I've recently begun studying equational logic E, that outlined in Gries and Schneider's Logical Approach to Discrete math, and I'm working away proving each theorem in turn.
I've stumbled on theorem 3.45 (Distributivity of over ):
and theorem 3.46 (Distributivity of over ):
As usual, they can only be proven with theorems and axioms of a lower number, and truth tables aren't allowed. I keep starting off by going for axiom 3.35 (Golden rule): , to transform (in the case of 3.45 obviously) as my first step. Does anyone have any hints as to where to start? Am I headed in the right direction? How would anyone else prove these?
Thanks in advance!
Hmm. I was of the impression that E was quite a well-known logic :-(
Even if people don't know exact theorem numbers, is there any formulaic manipulation that they would do to show that the LHS equals the RHS? I'd quite like to be able to work formally it start-to-finish by myself, but I'm just trying to take some step in the right direction!
Well obviously the fundamental axioms have to be proven by truth tables, and it would be a trivial task to prove the above theorems by truth table. But that's not the point of the exercise. The idea is to formulate theorems from other theorems without explicitly evaluating their truth values, to foster skills in formal symbol manipulation.
I found this book in Google Books. While propositional logic is completely standard, calling it "equational logic" is uncommon. Their axioms are equally eccentric, in particular in treating equivalence as associative. In general, their rewriting approach is a little too algebraic to the detriment of presenting logic as the study of the laws of reasoning. So if I didn't know how to prove some theorem in this particular version of propositional calculus, I wouldn't be too upset.
There is an interesting question why formal logic is taught in discrete mathematics courses at all. I support teaching Boolean logic because, for example, it won't be good if a programmer cannot quickly prove the equivalence of two tests, even though he/she is reasonable smart and understands logical operations in principle. However, it has long been not clear to me how the study of formal proofs, with all those in-house bookworm overly syntactic ways of manipulating strings of characters helps with the development of either mathematical maturity or appreciation of usefulness of logic. Teaching typical Boolean-algebra, rewriting inference rules that are advocated by the book in question may not produce much in this respect. It may not be more effective that teaching any mathematical topic at all. Working through any mathematical subject will implicitly teach students proper laws of reasoning, which is probably the greatest benefit of such courses for future programmers.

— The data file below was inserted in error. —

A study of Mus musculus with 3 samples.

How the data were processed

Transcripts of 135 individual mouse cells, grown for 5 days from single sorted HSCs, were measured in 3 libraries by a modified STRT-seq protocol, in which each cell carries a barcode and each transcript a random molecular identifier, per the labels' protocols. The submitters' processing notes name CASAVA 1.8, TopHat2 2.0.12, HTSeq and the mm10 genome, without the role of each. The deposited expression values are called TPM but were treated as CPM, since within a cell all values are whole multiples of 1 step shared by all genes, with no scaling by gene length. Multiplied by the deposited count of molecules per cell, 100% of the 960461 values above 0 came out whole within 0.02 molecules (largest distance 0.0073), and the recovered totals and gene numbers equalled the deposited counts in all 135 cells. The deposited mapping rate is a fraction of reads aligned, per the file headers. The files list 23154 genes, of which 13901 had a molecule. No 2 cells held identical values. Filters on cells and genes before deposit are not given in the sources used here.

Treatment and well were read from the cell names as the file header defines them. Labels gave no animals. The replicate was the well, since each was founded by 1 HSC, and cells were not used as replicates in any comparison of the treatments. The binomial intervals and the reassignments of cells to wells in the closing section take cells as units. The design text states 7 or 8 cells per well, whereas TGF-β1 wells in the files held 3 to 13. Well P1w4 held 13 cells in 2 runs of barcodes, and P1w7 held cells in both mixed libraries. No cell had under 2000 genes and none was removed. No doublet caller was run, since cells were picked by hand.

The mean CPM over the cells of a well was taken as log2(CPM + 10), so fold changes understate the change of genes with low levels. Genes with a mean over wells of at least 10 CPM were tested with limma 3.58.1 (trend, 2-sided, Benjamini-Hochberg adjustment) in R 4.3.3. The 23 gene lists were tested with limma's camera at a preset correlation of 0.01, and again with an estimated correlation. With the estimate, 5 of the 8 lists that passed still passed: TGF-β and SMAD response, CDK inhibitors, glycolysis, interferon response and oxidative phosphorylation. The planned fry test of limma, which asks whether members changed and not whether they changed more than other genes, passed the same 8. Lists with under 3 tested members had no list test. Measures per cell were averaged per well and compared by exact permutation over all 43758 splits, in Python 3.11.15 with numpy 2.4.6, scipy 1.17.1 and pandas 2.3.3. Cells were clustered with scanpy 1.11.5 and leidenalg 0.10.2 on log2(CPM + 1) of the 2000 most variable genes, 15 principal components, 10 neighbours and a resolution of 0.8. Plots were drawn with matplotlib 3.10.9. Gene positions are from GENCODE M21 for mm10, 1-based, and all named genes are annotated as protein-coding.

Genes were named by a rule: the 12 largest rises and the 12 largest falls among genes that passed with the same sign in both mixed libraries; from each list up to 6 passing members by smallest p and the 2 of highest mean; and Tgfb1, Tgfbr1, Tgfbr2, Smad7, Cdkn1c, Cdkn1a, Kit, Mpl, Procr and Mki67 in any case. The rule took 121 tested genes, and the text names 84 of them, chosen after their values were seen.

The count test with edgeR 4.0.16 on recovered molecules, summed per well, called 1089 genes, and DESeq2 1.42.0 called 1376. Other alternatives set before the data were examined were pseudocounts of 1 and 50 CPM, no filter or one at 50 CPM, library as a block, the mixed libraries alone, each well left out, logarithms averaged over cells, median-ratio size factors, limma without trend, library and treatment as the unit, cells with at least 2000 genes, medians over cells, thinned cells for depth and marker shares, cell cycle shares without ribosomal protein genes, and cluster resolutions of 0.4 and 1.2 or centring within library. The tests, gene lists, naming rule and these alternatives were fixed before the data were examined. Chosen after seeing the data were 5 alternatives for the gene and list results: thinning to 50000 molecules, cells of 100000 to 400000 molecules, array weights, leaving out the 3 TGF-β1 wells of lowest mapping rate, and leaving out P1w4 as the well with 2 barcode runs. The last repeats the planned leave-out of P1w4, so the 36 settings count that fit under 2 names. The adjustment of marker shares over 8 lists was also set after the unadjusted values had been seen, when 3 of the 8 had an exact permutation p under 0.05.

However, I believe that teaching formal proofs may have benefit if it is done right. For this, one has to forget about the relation between inference rules and truth tables for a moment. Each of the connectives , , and has to be considered separately, in terms of what it takes to prove a formula with this connective and how such formula can be used to prove others. Under this view, the laws that allow expressing one connective via another, like De Morgan laws, suddenly become non-obvious, and indeed, they cannot be proved without the law of excluded middle, which is a completely different beast by itself. In fact, the first propositional axiom of the book, , is false under this interpretation. Only then can it be seen that there is a clear connection between proofs and programs, in fact, that proofs are programs. Therefore, teaching formal logic is nothing different from teaching programming. I am wondering if students would be more excited about learning formal proofs if they understood this.
This approach to logic (not so much to teaching) is not my own position. It is a well-known and often taught subject (see, e.g., this course and especially this text).